We are expecting!

Kids kids kids! Yes, we’re hoping for multiple! Goat kids, that is. 🙂  Prada is pregnant and, by the looks of her, due anytime!

Momma-to-be Prada, June 20, 2010

We exposed her to herd contributor Candyman from late February to late April (he was on property with us from 2/22-4/25) and in the last month her udder has ballooned.  The development of the udder was the surest sign to us that she was successfully bred. Compare these photos, taken less than two months apart.

Prada’s udder, May 3, 2010
Prada's udder, June 20, 2010

We are estimating that she’s due sooner rather than later, so late July.  She’s a first freshener (i.e., this is her first breeding) so she could have only one kid this time but we’re thinking at least two are in there.  Repeat fresheners are more likely to birth multiple kids than first timers.

"Proud Papa," Candyman, on property March 2010

When we first got Milky and Prada, their previous owner gave us a book which has proven to be an excellent resource: Your Goats, A Kid’s Guide to Raising and Showing by Gail Damerow.  It’s written very plainly, aimed at youth, and has never quite made it to the bookshelf.  It’s always open on a table or nightstand somewhere because it’s so helpful for looking up and explaining things to the “new” goat farmer.  Based on the chapter on kidding, we prepared a stall in the goat house so that Prada’s got a place to stay and kid without the other goats or Max (or any other animal for that matter) being able to get to her and the kids during or after the kidding.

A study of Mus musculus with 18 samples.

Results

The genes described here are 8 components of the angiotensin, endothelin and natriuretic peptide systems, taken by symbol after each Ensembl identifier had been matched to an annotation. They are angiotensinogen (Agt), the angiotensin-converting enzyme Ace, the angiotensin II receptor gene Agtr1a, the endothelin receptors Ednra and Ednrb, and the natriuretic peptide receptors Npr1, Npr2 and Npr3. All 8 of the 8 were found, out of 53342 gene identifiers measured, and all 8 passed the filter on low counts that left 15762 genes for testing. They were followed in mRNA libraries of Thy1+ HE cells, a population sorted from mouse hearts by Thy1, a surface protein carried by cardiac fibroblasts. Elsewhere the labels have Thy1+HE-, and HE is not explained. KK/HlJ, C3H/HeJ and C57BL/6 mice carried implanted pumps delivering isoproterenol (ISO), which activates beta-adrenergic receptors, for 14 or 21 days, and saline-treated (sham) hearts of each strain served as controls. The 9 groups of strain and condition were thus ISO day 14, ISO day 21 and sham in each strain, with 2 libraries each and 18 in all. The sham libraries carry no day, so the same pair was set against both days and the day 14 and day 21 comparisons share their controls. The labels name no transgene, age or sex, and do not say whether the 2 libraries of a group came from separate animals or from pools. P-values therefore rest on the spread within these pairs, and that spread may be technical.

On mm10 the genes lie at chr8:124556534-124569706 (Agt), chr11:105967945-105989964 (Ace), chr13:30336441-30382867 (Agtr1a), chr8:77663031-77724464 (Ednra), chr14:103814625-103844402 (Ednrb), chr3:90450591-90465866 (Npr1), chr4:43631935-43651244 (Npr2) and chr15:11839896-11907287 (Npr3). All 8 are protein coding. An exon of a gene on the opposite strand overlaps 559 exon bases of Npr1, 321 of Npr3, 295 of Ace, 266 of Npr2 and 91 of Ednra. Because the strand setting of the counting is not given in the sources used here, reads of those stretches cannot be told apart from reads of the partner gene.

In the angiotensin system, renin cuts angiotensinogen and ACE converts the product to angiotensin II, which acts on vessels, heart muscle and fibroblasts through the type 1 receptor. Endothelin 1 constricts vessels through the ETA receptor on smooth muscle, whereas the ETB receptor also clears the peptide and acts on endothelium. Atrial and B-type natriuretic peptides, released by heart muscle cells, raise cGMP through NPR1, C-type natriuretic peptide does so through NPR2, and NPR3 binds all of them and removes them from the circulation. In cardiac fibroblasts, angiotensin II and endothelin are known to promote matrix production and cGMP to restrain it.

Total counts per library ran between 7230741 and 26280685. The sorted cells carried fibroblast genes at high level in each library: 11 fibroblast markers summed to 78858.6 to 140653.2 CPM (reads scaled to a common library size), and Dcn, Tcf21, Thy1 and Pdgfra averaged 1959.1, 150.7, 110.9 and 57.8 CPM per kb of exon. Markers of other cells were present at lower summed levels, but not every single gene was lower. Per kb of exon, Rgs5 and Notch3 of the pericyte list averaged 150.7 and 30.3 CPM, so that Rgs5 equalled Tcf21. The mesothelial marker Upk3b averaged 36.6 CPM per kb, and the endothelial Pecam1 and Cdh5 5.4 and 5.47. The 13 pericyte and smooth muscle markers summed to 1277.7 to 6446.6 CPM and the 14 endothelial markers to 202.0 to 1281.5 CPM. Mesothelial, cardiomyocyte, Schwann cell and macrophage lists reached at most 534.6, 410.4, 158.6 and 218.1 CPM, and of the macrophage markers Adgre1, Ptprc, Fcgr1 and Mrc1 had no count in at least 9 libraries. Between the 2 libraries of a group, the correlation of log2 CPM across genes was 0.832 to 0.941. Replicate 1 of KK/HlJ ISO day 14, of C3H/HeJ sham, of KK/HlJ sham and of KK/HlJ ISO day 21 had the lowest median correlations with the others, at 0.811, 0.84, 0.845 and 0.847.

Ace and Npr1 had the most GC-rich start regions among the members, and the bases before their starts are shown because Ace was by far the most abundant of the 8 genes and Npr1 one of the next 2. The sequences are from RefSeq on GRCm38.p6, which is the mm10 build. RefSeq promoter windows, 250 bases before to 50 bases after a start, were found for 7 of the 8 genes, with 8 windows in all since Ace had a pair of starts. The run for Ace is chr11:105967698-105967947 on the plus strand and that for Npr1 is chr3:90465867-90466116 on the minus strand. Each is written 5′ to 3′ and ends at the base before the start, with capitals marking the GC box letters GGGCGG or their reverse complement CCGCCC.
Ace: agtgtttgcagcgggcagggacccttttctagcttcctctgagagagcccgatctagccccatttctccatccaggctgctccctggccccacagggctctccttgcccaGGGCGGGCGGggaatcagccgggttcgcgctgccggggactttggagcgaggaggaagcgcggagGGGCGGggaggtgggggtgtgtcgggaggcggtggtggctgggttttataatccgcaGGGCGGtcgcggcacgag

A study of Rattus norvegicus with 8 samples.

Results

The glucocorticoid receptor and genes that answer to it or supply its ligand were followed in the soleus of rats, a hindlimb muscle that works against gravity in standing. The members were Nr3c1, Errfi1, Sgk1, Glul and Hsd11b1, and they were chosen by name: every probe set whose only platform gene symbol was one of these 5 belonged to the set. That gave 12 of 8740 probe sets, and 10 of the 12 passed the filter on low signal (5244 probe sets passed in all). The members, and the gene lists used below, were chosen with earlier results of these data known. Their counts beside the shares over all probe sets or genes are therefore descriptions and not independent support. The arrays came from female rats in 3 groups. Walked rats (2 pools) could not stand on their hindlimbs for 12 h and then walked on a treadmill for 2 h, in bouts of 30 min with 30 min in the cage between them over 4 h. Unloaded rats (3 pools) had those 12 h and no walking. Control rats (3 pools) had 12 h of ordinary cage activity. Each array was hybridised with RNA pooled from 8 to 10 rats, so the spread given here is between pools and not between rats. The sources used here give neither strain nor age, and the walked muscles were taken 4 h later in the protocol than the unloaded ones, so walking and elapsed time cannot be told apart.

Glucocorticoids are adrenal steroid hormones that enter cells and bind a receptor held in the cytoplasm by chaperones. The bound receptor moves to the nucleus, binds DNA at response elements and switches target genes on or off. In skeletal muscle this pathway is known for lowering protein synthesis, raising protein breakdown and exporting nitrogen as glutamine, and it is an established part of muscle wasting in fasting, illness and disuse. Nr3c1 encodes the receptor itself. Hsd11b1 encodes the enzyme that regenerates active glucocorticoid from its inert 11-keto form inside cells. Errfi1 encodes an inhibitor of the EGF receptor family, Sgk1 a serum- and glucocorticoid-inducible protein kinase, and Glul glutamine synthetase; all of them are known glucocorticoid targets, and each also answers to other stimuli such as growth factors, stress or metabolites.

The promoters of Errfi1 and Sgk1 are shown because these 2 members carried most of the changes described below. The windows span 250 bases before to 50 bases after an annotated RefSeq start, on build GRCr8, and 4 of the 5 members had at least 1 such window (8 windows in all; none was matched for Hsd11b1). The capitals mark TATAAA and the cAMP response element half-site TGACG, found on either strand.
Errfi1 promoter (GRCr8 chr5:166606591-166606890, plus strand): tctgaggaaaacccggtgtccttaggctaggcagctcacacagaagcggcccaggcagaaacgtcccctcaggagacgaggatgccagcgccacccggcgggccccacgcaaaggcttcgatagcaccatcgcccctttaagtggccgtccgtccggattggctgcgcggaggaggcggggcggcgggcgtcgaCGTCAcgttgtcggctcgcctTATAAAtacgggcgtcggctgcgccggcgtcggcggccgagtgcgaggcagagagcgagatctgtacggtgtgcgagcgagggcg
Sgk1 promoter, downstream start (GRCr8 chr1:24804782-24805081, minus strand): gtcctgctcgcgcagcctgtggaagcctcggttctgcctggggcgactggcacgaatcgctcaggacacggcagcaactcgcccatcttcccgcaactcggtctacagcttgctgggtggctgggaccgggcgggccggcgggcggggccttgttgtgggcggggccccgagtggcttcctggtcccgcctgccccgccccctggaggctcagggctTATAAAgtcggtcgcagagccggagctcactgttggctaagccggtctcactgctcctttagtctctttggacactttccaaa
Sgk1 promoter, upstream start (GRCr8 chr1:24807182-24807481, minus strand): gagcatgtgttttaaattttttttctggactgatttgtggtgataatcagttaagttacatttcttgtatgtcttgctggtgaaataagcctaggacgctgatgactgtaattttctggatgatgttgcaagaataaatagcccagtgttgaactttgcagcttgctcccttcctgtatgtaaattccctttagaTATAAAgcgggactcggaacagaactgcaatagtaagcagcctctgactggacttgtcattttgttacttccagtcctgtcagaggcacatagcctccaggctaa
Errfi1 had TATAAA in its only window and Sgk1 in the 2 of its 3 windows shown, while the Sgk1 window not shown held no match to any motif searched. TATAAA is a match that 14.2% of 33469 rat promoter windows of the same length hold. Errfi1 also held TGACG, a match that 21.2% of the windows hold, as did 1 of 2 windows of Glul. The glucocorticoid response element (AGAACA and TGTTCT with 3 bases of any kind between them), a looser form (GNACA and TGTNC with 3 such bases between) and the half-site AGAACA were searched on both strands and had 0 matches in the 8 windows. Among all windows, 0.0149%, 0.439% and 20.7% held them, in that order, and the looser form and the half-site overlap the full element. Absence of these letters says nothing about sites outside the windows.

We spent much of Saturday preparing the kidding stall.  We mounted the grain bowl and the soda/salt container on the wall, as well as a hay rack to keep the hay from getting soiled.  We also cut a “keyhole” that Prada can stick her head through to get to a mounted water bucket on the outside of the stall; this is so that kids are accidentally “dropped” into the water bowl at kidding time.  Nigerian’s typically do not require any assistance during kidding, usually only needing human involvement if the kids’ legs aren’t positioned right on the way out.  Most people I’ve talked to about their “kidding experiences” tell me the same thing: “I went out one morning and she had kidded during the night.”  As much as I’d like to see it happen (and hopefully have it go smoothly enough so that I don’t have to be involved), I guess an easy birth in the middle of the night is the best you can hope for.

We actually are thinking that Milky may be bred too.  Though we exposed her to Candyman while he was here as well, we never saw him “get her.” In fact, what we saw was her masterfully escaping him at every turn.  As strange as it may seem, we think she just doesn’t like him.  Candyman is the buck she’d been exposed to twice when we bought her and the one by whom her previous owner thought she’d been bred.  Turned out she wasn’t bred and after seeing her with Candyman, I’m thinking he just wasn’t her type. 🙂  She may be bred though by our very own Seth!  She’s kidded before, so she had an udder already, though it was pretty pruny because she’s been dry since before Christmas.We’ll be watching her (and her udder) very closely over the next month or so for changes/signs of more kids to come!